1. Recently, we (National centre for AI) organised five discussion forums for tertiary education students, on Generative AI. Our aim was to understand how students are currently using this technology and explore its potential impact on their learning experience. To ensure a broad range of perspectives, we conducted both online and face-to-face sessions, allowing students to engage and express their thoughts anonymously.  This is the third in a series of five blog posts sharing insights from the forums.

As education continues to evolve in the digital age, the integration of artificial intelligence (AI) tools, specifically generative AI, in assessments has become a topic of intense discussion. Students hold diverse opinions regarding the use of generative AI tools.

In this blog, we delve into the arguments both for and against incorporating generative AI in assessments, from the students’ perspectives. We also explore concerns surrounding plagiarism, the potential use of AI in assessment creation, and its role as an assessment marking tool. Additionally, we examine students’ calls for assessment reform and the need to align teaching methods with industry experiences:

Should generative AI tools be allowed in assessments:

Most students expressed a positive attitude towards the use of generative AI tools in assessments, believing that they should generally be allowed. Some students found open-book assessments acceptable when using generative AI, but not closed-book assessments. Those in favour of their use suggested that generative AI should only account for a specific proportion of the assessment, with some proposing a maximum of 10%. They also emphasised the importance of clear citation when using generative AI tools. Additionally, students felt that different disciplines should have varying allowances for generative AI use. They argued that relying solely on generative AI answers would lead to failure, as these tools serve as a foundation for developing arguments and building cases.

Students from further education (FE) and HE English students more resistance to the use of generative AI tools compared to other higher education (HE) students. They believed that assessments should solely reflect their own work, dismissing the use of generative AI. Those opposed to their use, thought that tools like Grammarly, which provide assistance, should be permitted.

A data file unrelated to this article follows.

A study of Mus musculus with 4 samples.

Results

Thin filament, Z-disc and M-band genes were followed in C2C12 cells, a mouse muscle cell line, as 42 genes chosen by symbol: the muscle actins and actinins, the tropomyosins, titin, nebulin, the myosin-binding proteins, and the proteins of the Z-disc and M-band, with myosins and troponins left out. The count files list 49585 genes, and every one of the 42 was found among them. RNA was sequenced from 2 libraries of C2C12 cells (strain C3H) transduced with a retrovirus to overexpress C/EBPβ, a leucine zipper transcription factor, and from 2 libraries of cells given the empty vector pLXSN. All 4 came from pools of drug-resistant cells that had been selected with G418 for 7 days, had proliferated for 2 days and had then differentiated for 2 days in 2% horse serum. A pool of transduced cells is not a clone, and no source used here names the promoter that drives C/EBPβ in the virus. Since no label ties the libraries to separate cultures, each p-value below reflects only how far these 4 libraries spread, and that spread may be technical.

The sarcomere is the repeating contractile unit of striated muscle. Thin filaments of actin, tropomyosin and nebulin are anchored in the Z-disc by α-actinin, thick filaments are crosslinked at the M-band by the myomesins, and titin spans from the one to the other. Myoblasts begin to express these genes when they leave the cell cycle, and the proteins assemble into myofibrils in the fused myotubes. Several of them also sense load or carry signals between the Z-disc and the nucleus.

Plagiarism concerns:

Students expressed concerns regarding the lack of clarity surrounding academic integrity and plagiarism. They strongly believed that individuals would always find ways to circumvent plagiarism detection measures.

AI and Generative AI to create assessments:

While some students were comfortable with staff utilising AI tools to create summative assessments, others raised concerns about potential variations in difficulty level when AI-generated questions are used.


AI and Generative AI as assessment marking tools:

Students considered assisted marking more acceptable than automated marking. They emphasised the importance of being informed in advance about the utilisation of AI for marking purposes. Some students felt that it was appropriate for generative AI to mark quizzes, multiple-choice questions, and short answers but not for other types of assessments. They believed that AI tools could mitigate human bias and enhance transparency.

Students expressed scepticism about the reliability and accuracy of AI tools, asserting that they may not understand nuance, context, or assess creativity. They argued that AI tools may solely focus on assessment criteria without evaluating actual learning gains.

Assessments reform:

Students voiced their concerns regarding the current assessment methods and what they assess. They advocated for a redesign of assessments to meet their needs, with a stronger emphasis on creativity and critical thinking rather than rote memorisation.

Teaching methods:

A number of the students criticised the nature of their current teaching experiences, expressing frustration with traditional ‘sage on a stage’ style lectures. They desired a learning environment that mirrors real-world industry experiences. Students strongly emphasised the need to shift away from rote learning towards critical thinking and analytical skills. They held hope that generative AI could accelerate this transformation, seeing its potential to be integrated across education and enhance learning capabilities.

In the next blog post, we’ll delve into what students are looking for their institutions to provide on Generative AI.

Thanks to:

University of Manchester for their help in setting up and running the HE Student Discussion Forums, in particular:

Dr Miriam Firth
Dr Amanda Banks-Gatenby
Krishna Wiananda
Vaidehi Simon Martin

This item was originally published on the National Centre for AI in tertiary education blog site.